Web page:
I write this with the crippling cries of a small child playing in my earphones, nerve gas choking him literally to death, his desperate rasping gasps for breath ringing in my ears and unnerving my insides, his agony repeating over and over in the background as a foaming espresso machine steams beside me at the counter.
From somewhere overhead toxic bombs dropped on the young boy, waking him into panicked paralysis. No air. His body clenching and revolting against itself. I watch this sitting in my local coffee shop, playing on a Facebook video linked between Trump posts, little pieces of my spirit crumbling and falling away.
On Tuesday, the Syrian town of Khan Sheikhoun in the province of Idlib was hit by a poisonous gas attack. Most analysis to date reports the Assad government as responsible, with this region being one of the last hold-outs of the rebel forces in Syria.
The video below reports on some of the carnage. I will not warn against any graphic images.
The ongoing conflict in Syria has been one of abstract horror and lingering frustration — it is endless, and amorphous.
The tragedy is now many years old and the repercussions forever relevant, as the victims flee the hell and flow into our world and into our politics. But still it all remains nebulous. From the human suffering, to the geo-political gamesmanship, to the looming menace of strange newcomers messing with our lives — all of it floats somewhere out of the reach of tangibility, giant pieces we cannot grasp.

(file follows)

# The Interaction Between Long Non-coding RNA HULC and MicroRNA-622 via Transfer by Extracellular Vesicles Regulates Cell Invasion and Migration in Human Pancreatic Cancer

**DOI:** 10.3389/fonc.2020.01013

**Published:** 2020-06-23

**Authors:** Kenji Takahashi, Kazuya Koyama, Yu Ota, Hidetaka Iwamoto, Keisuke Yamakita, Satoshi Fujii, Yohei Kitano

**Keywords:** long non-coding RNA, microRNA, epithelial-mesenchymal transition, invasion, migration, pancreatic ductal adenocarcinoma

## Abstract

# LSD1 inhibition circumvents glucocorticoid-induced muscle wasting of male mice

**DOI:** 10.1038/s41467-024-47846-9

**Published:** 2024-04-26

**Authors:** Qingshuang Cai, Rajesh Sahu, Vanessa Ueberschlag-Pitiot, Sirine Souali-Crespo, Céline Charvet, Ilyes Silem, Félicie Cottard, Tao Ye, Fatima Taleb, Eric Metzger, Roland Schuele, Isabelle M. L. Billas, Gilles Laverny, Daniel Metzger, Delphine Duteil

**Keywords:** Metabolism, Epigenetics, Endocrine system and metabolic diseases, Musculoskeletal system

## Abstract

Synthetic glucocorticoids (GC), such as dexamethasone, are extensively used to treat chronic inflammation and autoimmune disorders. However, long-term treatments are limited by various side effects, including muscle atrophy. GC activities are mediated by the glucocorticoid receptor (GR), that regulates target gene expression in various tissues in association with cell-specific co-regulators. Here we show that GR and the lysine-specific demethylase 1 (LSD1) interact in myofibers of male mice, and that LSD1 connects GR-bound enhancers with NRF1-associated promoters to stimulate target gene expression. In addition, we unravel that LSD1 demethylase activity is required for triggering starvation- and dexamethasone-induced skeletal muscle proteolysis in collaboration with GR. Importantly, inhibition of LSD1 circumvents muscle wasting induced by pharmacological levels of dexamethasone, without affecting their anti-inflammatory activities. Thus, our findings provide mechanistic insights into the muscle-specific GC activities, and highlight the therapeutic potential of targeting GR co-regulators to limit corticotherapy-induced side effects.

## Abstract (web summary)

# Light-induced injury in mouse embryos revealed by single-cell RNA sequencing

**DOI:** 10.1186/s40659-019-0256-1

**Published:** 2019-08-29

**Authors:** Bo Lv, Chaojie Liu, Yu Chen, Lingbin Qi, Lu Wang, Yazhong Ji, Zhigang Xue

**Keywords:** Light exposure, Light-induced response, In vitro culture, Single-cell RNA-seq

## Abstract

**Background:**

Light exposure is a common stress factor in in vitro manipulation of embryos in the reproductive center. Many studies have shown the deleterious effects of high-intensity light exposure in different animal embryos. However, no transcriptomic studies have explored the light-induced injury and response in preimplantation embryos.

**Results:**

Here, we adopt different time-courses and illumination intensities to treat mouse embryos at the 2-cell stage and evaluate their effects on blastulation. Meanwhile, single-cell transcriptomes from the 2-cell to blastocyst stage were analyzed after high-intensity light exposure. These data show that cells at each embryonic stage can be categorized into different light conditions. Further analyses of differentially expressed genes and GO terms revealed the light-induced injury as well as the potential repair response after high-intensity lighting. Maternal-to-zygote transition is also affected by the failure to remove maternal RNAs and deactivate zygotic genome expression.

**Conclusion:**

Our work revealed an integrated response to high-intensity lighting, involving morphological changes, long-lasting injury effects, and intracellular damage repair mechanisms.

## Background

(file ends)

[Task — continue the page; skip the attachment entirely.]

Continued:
There is Russia supporting a murderous Assad regime just so it can keep its biggest ally in the region in power, and the U.S. hesitating to engage militarily so as to avoid escalation and further carnage. Then there is ISIS and oil and millions of refugees and the utter destruction of cities priceless in history and culture. More than any other issue in recent memory, Syria is completely beyond us.
For years, the players and positions in this game have remained unchanged and yet nothing has been done. It seems that Syria will be left to bleed itself into some solution, and we can do nothing but sit here and watch it happen.
This is what rolled around inside me. listening to that child suffer in my ears. The absurdity of the horror, and the overwhelmingly size and complexity of the pieces, is paralyzing. With every horrible image, the Syrian conflict encapsulates our powerlessness and impotence. It is a situation that consistently shows itself immune to international efforts or pleas of decency, one that offers us no real options to affect change.
And so there seems to be nothing left available but the pointless. The irrationally human.
At their core these giant daunting pieces are made of smaller parts, of people. Every action, every decision, from Russian propaganda to political campaign ulterior motives; no matter how apparently complex we scared silly creatures have made this thing, it is in the end, in some way, made by us.
Therefore perhaps the only thing left to do in the face of such terrible human frailty is to be more human. To resist the comforting call of apathy. To look right at the thing we cannot change and still hope to change it.